Loudthud is offline Loudthud  United States

http://www.firstwatt.com/pdf/art_h2.pdf

Last edited by Loudthud; 28th September 2018 at 03:51 AM.
Loudthud is offline Loudthud  United States

Sound of various Pass amps

Quote:
Originally Posted by Nelson Pass View Post
SIT-1: Broke the mold in the ability to play with the load line of a no-feedback
Common Source amplifier that still has any damping factor. A very unique
harmonic signature that can be dialed in to taste - Lots or little of 2nd
harmonic of either phase. Literally the sound of one transistor clapping -
without the input buffer (which no one seems to use) there is only 1
transistor in the amp. Has tremendous clarity and depth, depending on
setting, spectral consistency with warmth and detail. It allows you to focus
on a single instrument in an ensemble, almost to the exclusion of all else if
you want. This is the amp that convinced me that absolute phase is not
such a subtle factor.

SIT-2: A SIT-1 with a constant current source load instead of a stack of
power resistors. More efficient but similar to the SIT-1, it is set at a single
load line setting, so is not quite as flexible or fun.
sarathssca is offline sarathssca  India
R1 = around 150K or 160K
R3 = 39K
Then i think the input impedance will be around 150k.. is my understanding ok?
Can we increase the input impedance to around 1Mohms?
Also does it needs a output buffer to lower output impedance when used as a preamp with gain.

Last edited by sarathssca; 28th September 2018 at 06:39 AM.
WBS is offline WBS  United States
Originally Posted by Nelson Pass View Post

...SIT-2: A SIT-1 with a constant current source load instead of a stack of
power resistors. More efficient but similar to the SIT-1, it is set at a single
load line setting, so is not quite as flexible or fun...

Well, my SIT-2 is the most fun I've ever had with an amplifier!
Mark Johnson is offline Mark Johnson  United States

It came from a review of a phonostage in Audio Magazine, February 1979. Sold by a company that's still in business today.

Each of the two Long Tailed Pairs is intentionally unbalanced, by adding an emitter degeneration resistor (330 ohms) to only one of the two legs of the Long Tailed Pair. This creates 2nd order harmonic distortion and apparently that was a design goal. Somebody knew something, long long ago.

I like to analyze the circuit this way: Imagine that the 330 ohm resistor is really a 3-terminal device, a potentiometer. Its wiper connects to the 39K bias resistor, and its outer arms connect to the two emitters. With the wiper at the midpoint (165 ohms left, wiper, 165 ohms right), the circuit is balanced. However the designer has intentionally chosen to turn the pot all the way clockwise, and now it's (330 ohms left, wiper, 0 ohms right). The circuit is no longer balanced.

If you built the circuit and used an actual potentiometer, you could seamlessly dial from lots of positive phase H2, to nearly-zero, to lots of negative phase H2, just by twirling the dial. And, get this, you could have done so 40 years ago! I bet it was designed in 1978 or perhaps 1977, took a few months to build production units, shipped one to an Audio Magazine reviewer, who took a few months to do the review and write his article, turned in his copy, which took a few months to get typesetted and appear in print, in Feb 1979.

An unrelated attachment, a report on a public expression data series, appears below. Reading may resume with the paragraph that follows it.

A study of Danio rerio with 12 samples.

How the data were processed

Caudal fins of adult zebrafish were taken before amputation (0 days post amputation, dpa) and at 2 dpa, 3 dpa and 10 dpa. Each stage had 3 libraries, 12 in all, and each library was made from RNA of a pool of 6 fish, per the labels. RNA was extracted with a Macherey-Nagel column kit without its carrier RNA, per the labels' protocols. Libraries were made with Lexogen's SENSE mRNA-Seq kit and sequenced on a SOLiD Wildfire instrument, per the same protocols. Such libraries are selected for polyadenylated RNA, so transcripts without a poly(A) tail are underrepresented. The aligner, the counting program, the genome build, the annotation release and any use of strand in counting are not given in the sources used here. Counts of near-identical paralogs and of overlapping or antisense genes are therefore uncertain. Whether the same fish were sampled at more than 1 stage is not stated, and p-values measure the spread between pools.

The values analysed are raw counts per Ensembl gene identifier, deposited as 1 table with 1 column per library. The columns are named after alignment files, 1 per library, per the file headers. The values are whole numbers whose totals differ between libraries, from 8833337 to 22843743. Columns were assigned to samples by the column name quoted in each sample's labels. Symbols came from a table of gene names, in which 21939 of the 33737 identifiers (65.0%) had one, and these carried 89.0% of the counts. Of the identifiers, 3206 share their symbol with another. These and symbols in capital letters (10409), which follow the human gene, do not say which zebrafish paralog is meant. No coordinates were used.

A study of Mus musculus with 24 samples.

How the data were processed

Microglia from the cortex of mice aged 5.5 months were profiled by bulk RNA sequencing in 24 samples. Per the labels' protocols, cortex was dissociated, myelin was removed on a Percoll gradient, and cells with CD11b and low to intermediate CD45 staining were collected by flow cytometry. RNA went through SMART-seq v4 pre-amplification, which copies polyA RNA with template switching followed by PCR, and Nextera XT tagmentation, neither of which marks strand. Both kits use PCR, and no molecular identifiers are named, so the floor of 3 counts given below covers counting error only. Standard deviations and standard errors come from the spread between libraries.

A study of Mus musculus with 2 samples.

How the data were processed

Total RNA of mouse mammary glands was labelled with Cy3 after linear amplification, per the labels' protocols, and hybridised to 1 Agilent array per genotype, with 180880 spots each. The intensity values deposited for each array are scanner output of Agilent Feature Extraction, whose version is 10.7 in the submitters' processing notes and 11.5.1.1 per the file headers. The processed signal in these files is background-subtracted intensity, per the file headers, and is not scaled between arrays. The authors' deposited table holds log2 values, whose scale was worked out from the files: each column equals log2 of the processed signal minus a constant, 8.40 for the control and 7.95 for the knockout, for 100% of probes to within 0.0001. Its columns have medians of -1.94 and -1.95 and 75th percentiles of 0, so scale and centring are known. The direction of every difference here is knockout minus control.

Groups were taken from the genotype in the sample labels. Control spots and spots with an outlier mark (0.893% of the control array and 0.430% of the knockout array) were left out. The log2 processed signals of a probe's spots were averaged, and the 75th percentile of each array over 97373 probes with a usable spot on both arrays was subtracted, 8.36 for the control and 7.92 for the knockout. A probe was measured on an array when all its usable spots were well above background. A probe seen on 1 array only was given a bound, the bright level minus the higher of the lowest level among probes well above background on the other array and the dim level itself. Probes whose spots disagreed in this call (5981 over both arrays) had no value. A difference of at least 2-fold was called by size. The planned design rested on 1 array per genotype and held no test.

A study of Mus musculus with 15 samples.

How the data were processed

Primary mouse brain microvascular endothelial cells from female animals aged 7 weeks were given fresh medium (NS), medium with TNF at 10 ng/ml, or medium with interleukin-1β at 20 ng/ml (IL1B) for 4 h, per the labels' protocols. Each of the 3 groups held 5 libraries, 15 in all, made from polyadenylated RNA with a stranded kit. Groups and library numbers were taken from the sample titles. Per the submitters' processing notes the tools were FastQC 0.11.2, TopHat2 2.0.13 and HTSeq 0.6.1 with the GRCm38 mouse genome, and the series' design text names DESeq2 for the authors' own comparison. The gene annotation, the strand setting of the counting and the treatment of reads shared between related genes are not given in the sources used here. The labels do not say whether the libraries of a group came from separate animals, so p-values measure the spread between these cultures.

By the way, do a google image search for the schematic of the B&K ST140 power amp (mid 1980s), an early lateral-MOSFET amp widely praised for its smooth sound. What do you see? Cowabunga!!

_
kasey197 is offline kasey197

Last edited by kasey197; 28th September 2018 at 02:49 PM. Reason: Edit to correct balance vs summary
Mark Johnson is offline Mark Johnson  United States
Originally Posted by kasey197 View Post
Although seemingly counterintuitive, I believe/recall that the ‘unbalanced’ resistors actually aids symmetry in the complete circuit ... I’ll give this a twirl on a Sim to make sure my memory isn’t playing tricks on me ...
Does your memory tell you that having two 330 ohm resistors in place, as shown, is in some way better than having zero 330 ohm resistors, and also better than having one 330 ohm resistor? That would surprise me.
Rick Miller is offline Rick Miller  United States
Is this because JFETs are square law devices while tubes are Childs law devices?


Katz's Corner Episode 25: Adventures in Distortion | InnerFidelity
Nelson Pass is offline Nelson Pass  United States

That said, if you bias the J112 for "positive phase 2nd" you get a cleaner
2nd harmonic, but more limited maximum output.

Clearly this circuit can be improved, but I popped this out for free fun
giveaway at BAF. Not as an example of the best possible.
Rick Miller is offline Rick Miller  United States
Originally Posted by Nelson Pass View Post
I would say the tube is more nearly square law.

That said, if you bias the J112 for "positive phase 2nd" you get a cleaner
2nd harmonic, but more limited maximum output.

Clearly this circuit can be improved, but I popped this out for free fun
giveaway at BAF. Not as an example of the best possible.
Thanks for the reply Nelson, and thank you for giving all of us this circuit.